While playlist placement has become the holy grail for many artists and their promoters, this new case study of sorts from Kieron Donaghue, looks at how playlist placement alone is not in and of itself sufficient as a marketing strategy.
Guest post by Kieron Donaghue of here.org.uk
Last Friday (19th July 2019) an independent artist’s debut single was placed at the top of Spotify’s New Music Friday playlist and Apple Music’s Best of the Week playlist in the UK. Not only that but at the time of writing this, 5 days later the song is in a total of 54 Spotify editorial playlists around the world and around 12 large Apple editorial playlists globally. The song is “Unspoken” by Aaron Smith and it’s currently sitting on 379k Spotify streams after just 5 days.
This is unprecedented. Ever since we saw the launch of Spotify’s New Music Friday playlists in 2015 I have never seen support from the DSP’s for a debut artist. Not once. Of course this hasn’t gone unnoticed in the industry and Music Business Worldwide wrote a piece on it here. The best quote from that article btw is from an unnamed source at Sam Smith’s record label who is having a gentle dig at Spotify for putting Sam Smith on the cover but his song third in the playlist…below Aaron’s – “It’s like putting Sam Smith in the shop window to attract people into the store.” Bitter much?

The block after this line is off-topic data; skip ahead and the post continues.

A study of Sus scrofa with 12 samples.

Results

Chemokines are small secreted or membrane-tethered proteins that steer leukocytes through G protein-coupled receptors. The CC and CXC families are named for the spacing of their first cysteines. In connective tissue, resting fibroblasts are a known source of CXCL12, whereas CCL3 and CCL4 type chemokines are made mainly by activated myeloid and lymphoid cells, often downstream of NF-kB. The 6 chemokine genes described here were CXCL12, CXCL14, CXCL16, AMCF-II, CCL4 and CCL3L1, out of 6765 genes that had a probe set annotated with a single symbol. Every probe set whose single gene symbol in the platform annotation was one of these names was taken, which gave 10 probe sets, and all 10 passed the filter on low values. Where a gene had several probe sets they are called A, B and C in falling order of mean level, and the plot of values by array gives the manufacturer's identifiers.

So who’s behind it? As suggested by the MBW article it’s Platoon who in all fairness do an excellent job at growing talent. I’ve seen a few tweets this week from staff at the DSP’s who suggest that there is much more to come from Aaron and this is just the beginning. Which leads me to think that Aaron’s team have put together a package of new material along with a plan to bring Aaron to market and presented this to the DSP’s to get their buy in and support. Which of course is the right way to do things, as we all know that DSP’s want to support artists and not just songs.
Playlist placement is not a marketing strategy
With all this editorial support and hundreds of thousands of streams you would think that Aaron’s fanbase would be growing exponentially wouldn’t you? Not so much, his Twitter followers are just 167 and he has just 746 followers on Spotify. Which proves the point that playlist placement is not the route to success alone. I hear from so many artists who think that getting on one or two editorial playlists will give them success and instant fans. It won’t. Most listeners are passive and don’t even know or care who they are listening to. You still need to put in the graft to build up your fan base from the bottom up. Play live to those crappy pub nights with 10 people in the crowd, talk to each and every one of your fans on social media. Hustle to get that press coverage or those interviews, create content, then more content and keep writing and releasing great music. Of course I have no doubt that Platoon will be doing all of this and more but I just wanted to highlight the fact that even massive unprecedented editorial support like this won’t make you a star overnight. So artists, please don’t hang your career on whether you get playlist support or not.
Side note – dear Platoon please get a proper domain ending in .com as your .ai domain name appears precisely nowhere in Google’s search results.